Student leadership being developed at Jackson County Schools


McKenzie Parr, Jose Alex Torres, Kelcie Zimmer and Kristin Betz discuss their strengths as leaders.


What’s a leadership mindset? That’s exactly what 46 Jackson County high school sophomore and junior students learned on Wednesday, Oct. 24.

The students gathered at the Gordon Street Center to participate in the first of eight sessions designed to promote leadership and community involvement.

“A goal of our Jackson Student Leadership is to train student teams who will model, promote and facilitate leadership within their school and community,” said Todd Shultz, Jackson County Director of Career, Technical and Agriculture Education, or CTAE.

Jackson County Comprehensive High School and East Jackson High School each chose 23 students to take part in a leadership training program.

Jackson County Superintendent of Schools Dr. John Green discusses the values of emotional intelligence with the students.

During the first year, student training sessions will include “Building a Leadership Mindset,” “Building Team Leaders,” “Building Leadership Habits” and “Building Leadership Change.”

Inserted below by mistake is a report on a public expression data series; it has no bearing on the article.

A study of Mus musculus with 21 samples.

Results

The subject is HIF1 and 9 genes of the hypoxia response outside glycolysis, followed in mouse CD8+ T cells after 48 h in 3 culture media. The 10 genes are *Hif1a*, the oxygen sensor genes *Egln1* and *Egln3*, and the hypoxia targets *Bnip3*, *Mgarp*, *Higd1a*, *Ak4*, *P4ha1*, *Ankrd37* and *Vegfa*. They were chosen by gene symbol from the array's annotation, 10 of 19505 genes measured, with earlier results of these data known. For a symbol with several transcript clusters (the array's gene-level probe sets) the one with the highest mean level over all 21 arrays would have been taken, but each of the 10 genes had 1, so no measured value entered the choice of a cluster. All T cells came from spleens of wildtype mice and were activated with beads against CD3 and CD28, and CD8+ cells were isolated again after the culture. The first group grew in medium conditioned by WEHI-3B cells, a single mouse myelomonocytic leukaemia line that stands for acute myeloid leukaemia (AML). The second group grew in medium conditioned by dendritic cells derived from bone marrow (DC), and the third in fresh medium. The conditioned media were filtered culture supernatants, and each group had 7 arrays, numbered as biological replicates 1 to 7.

In their second year, student will be taught lessons involving ethics, communication, vision and culture.

The students attended their first session, “Building a Leadership Mindset,” on Oct. 24.

School Superintendent Dr. John Green led the day’s lesson with a series of PowerPoint and video presentations, discussions and activities.

As he introduced students to the six concepts of a leadership mindset, courage, authenticity, service, truthfulness, love and effectiveness, he encouraged the students to recognize their own strengths and weaknesses.

Evan Breakspear and York Delloyd practice approaching difficult conversations with the help of JCCHS teacher Natalie Smith.

For JCCHS junior Evan Breakspear, figuring out his strength is effectiveness was easy, “because I try to get things done as best and as fast as possible.”

Students were also taught the importance of emotional intelligence, self awareness, self management, social awareness, understanding trust and reserve judgment.

“Students are very powerful resources if they have the tools to do things the appropriate way,” said Green.

The hope of the program is that those participating in it will take what they have learned and pass it along to their peers.

“We’re just getting started. As you build a significant number, the more kids become connected to leadership thinking and the more of an improvement we can make,” said Green.

“I’m interested to see how much we can change [our schools] in the three years we have in it,” said JCCHS sophomore Chelsey Bell.

“This program will empower students to positively lead others. The student leaders will be directly involved in identifying areas of need and make recommendations for school improvement.

In addition, student will be committing to their peers to lead and foster leadership in others,” said Shultz.